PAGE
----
If you’ve just taken the leap and joined the ranks of the UK’s ‘man and van’ courier work brigade, you probably already know that it’s not simply a matter of getting out there, doing a bit of fast talking and hoping for the best. There are quite a few legal and logistical hoops you need to navigate before you can start working successfully as a self-employed driver. |
Aside from ensuring you have all the relevant licences and insurances in place, you need to be very sure of your legal obligations when it comes to what you can and cannot carry in the course of your courier work.
While every carrier will lay down their own set of rules in terms of what they’re prepared (or are able) to carry, there are certain things that absolutely cannot be transported without special skills, vehicles or licences.
Must Say No, Just Say No
The list of goods you’re prohibited from carrying will differ, of course, depending on your equipment and training. However, if you’re a newbie to courier work, you should consider the following items a no-go zone.
Hazardous goods: The transportation of chemicals, waste products and any other hazardous goods is a highly specialised job and there are stringent rules surrounding this. (This also includes lithium batteries and fireworks.) Do not accept a job that involves these kinds of materials without first checking with the relevant authorities.
Flammable liquids and solids: This includes, but is not limited to, solvent-based paints, petrol products, model fuels, adhesives, glues, paint thinners, perfumes, resins, inks, ammonia based fertilisers, magnesium, fire lighters and matches.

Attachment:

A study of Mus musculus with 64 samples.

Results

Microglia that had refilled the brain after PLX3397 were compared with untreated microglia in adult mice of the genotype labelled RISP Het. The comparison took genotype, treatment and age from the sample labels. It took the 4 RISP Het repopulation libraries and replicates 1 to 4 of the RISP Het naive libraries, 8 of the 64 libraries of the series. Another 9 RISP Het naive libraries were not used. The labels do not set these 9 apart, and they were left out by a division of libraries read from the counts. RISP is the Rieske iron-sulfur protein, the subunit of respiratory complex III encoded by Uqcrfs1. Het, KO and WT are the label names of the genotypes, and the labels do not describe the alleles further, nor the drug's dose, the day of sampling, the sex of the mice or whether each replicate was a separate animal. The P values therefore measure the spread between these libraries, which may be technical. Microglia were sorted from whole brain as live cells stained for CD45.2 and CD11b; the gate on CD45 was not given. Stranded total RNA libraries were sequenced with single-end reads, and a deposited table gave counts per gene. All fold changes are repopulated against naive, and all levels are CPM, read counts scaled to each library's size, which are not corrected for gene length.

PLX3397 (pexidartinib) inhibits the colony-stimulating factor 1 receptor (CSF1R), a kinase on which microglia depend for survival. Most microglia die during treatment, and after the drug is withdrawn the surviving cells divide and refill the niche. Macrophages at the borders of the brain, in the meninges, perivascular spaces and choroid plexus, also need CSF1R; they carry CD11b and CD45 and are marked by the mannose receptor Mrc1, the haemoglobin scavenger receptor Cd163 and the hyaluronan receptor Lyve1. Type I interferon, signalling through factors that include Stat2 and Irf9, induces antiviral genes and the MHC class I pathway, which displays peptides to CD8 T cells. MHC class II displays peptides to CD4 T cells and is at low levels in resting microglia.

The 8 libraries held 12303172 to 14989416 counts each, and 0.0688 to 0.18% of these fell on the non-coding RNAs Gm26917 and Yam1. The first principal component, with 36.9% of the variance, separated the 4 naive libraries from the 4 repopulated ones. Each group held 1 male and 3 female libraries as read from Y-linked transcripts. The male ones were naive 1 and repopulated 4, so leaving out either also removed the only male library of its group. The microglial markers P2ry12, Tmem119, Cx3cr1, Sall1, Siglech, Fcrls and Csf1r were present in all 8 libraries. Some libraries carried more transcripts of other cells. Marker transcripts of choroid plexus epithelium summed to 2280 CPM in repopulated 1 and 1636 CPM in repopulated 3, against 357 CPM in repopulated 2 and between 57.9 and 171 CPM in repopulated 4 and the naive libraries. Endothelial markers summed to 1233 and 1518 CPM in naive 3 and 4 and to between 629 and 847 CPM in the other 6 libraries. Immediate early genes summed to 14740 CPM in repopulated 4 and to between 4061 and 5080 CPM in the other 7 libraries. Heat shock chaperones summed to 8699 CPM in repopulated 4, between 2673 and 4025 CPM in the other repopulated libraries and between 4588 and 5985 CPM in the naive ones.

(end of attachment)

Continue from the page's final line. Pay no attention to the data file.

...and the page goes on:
Toxic substances: Without special skills and training you cannot carry pesticides, poisons, medical waste, infectious materials, radioactive materials or biological samples.
Live animals: In general courier work you are not permitted to transfer livestock of any kind, domestic pets, birds, fish or insects.
Animal parts: You are also prohibited from transporting any animal parts, including fur, skin, organs, ivory or ivory products.
Firearms and ammunition: You are not allowed to transport firearms, explosives, knives, swords or ammunition of any kind.
Pornographic material: This includes any kind of electronic recordings or images.
Illegal goods: This really should go without saying, but you risk serious legal ramifications if you are found to be transporting any illegal goods – and ignorance is never an excuse. This means anything from counterfeit currency or art forgeries to pirated products or narcotics.
Pharmaceuticals: Even legal drugs are a no-no unless you have a special licence to carry them.
Compliant Courier Work
When you’re just starting out it can be tempting to accept every job that comes your way, but it’s imperative that you familiarise yourself with the rules of what you can and can’t legally transport. On the flip side, however, there is plenty of money to be made in specialised areas of delivery, such as medical samples and hazardous goods. If you are interested in diversifying once you have some miles and experience under your belt, there are lots of opportunities for training so you can be skilled and licenced to capitalise on these niche markets.
Author Plate Norman Dulwich is a correspondent for Courier Exchange, the world's largest neutral trading hub for same day courier work in the express freight exchange industry. Numerous transport exchange businesses are networked together on their website, trading jobs and capacity through what is now the fastest growing Freight Exchange in the UK.